Sound Advice: URC Digital R50 remains go-to universal remote


JOHN CONNOR

Answer: My latest isn't any different from what I have recommended in the past. I am a big fan of the URC Digital R50 from Universal Remote Control.

The URC Digital R50 comes preprogrammed for thousands of different components. Just use the buttons and the colorful LCD screen to find your components, select them and you are ready to go. It can control up to 18 devices and has selectable icons for personalization, including television channels.

The URC Digital R50 is easy to find online. The best price I found was at Walmart.com, which had it in stock selling for $119. You can see the URC Digital R50 at www.universalremote.com.

Comcast encryption follow-up: I recently answered a question from a Comcast customer in Minnesota who subscribed to Limited Basic service. He lost his high-definition signals after Comcast encrypted the signals and sent him a Standard Definition DTA (Digital Adapter). He wanted to get his high-definition channels back without paying for an upgrade.

After the column was published I was contacted by Comcast's Western Pennsylvania public relations department. In this region, Limited Basic customers were originally notified that they can have up to three DTAs on their account at no charge, and they can obtain two High Definition DTAs. The HD DTAs are free for two years; five years for those on Medicaid. Market pricing will apply for the HD DTAs after December 2015.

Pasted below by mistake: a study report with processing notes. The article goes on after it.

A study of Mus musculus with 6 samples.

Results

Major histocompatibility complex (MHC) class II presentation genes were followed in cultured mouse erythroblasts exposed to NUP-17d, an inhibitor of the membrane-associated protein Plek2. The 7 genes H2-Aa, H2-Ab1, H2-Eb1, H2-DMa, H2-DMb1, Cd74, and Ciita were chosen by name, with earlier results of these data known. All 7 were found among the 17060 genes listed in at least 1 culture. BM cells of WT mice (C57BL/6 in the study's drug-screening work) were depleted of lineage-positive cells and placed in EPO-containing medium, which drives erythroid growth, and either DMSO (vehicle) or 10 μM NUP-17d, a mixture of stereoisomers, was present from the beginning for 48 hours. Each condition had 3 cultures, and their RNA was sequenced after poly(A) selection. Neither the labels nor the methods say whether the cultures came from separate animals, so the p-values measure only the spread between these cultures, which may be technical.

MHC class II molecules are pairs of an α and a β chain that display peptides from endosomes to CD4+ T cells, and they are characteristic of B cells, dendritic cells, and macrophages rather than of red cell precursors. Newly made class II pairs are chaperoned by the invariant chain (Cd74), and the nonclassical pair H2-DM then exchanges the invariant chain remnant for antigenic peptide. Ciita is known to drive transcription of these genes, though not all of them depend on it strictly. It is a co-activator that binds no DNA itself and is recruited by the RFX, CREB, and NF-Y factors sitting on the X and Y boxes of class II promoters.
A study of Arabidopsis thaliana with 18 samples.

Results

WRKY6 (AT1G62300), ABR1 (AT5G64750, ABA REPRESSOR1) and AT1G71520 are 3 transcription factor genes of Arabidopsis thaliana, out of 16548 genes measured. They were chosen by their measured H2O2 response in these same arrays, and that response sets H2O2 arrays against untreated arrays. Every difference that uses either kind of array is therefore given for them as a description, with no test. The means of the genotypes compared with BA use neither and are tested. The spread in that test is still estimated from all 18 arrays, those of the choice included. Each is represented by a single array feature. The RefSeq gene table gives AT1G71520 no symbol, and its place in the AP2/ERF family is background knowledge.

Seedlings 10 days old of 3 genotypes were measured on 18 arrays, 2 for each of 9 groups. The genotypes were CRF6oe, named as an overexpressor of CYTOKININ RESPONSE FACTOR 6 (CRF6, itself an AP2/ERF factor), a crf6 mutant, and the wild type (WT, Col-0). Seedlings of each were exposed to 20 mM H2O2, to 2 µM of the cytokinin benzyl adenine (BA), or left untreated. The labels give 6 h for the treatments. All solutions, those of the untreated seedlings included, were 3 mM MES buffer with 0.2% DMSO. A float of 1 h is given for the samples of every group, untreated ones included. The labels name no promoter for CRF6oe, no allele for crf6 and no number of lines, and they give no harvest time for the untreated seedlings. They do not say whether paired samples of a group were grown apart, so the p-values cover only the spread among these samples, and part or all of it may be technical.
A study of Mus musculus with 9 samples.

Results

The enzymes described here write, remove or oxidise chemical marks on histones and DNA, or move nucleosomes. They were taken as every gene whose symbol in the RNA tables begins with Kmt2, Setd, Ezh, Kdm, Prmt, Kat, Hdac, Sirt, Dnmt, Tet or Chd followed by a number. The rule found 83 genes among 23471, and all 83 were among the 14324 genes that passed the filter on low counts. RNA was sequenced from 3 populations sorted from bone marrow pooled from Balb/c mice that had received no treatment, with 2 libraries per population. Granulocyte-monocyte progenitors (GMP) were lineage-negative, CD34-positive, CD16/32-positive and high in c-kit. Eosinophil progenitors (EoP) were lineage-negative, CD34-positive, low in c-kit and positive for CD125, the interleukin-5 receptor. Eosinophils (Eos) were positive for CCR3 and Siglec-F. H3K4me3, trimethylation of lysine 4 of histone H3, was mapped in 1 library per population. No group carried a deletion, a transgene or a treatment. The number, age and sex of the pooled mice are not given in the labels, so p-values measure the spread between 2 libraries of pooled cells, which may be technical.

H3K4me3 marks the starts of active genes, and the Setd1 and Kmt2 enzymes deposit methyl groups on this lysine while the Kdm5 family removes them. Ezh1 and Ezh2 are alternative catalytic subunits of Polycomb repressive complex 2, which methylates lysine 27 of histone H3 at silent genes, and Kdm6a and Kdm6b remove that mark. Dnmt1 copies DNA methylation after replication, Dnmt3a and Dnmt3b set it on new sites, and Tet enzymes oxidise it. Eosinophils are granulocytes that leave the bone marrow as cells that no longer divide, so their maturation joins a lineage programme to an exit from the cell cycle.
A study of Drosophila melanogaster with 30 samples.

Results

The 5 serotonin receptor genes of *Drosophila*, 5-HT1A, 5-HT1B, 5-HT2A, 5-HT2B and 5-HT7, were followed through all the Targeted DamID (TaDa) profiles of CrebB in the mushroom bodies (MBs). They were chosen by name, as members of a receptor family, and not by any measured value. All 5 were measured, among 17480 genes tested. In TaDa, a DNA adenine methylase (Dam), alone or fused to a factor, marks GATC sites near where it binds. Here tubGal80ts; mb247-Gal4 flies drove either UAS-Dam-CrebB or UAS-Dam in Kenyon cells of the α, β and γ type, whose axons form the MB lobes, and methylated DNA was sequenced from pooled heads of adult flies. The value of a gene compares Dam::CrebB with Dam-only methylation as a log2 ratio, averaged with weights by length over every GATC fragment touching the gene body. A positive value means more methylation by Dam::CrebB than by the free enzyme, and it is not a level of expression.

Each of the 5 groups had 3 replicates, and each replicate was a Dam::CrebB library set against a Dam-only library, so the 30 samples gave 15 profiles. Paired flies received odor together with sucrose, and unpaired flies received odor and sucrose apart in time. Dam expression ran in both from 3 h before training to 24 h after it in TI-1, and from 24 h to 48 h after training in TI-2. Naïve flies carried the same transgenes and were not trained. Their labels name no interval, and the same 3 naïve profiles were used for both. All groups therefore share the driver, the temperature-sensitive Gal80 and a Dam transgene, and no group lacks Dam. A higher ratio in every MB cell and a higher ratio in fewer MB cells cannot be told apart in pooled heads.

If you are a Limited Basic customer in Western Pennsylvania and lost your high-definition channels because you received a Standard Definition DTA, call Comcast toll free at 1-855-860-8989 to obtain an HD DTA. I am sure you will be happy to have your high-definition channels back in their full visual glory! Please contact me through my website with your experiences obtaining and setting up the HD DTA. Your home entertainment satisfaction is the reason I write this column.

This offer may not apply to every Comcast region.

For example, Brier Dudley of The Seattle Times reports that in Seattle, Comcast charges $2 per month each for an HD DTA, plus a $10 one-time "tech fee." You can read the article and reader comments at http://seattletimes.com/html/businesstechnology/2022464420_briercolumn16xml.html.

Brad Reed, a Boston resident and news editor of technology website bgr.com, lost his high-definition channels when he received his digital adapter box. Comcast attempted to charge him $10 a month to get the high-definition channels back. You can read his story at http://bgr.com/2013/10/16/comcast-digital-adapter-criticism.

Next week I will discuss encryption and what it means to consumers, the difference between a set-top box and a DTA.

Read product reviews by Don Lindich at www.soundadviceblog.com.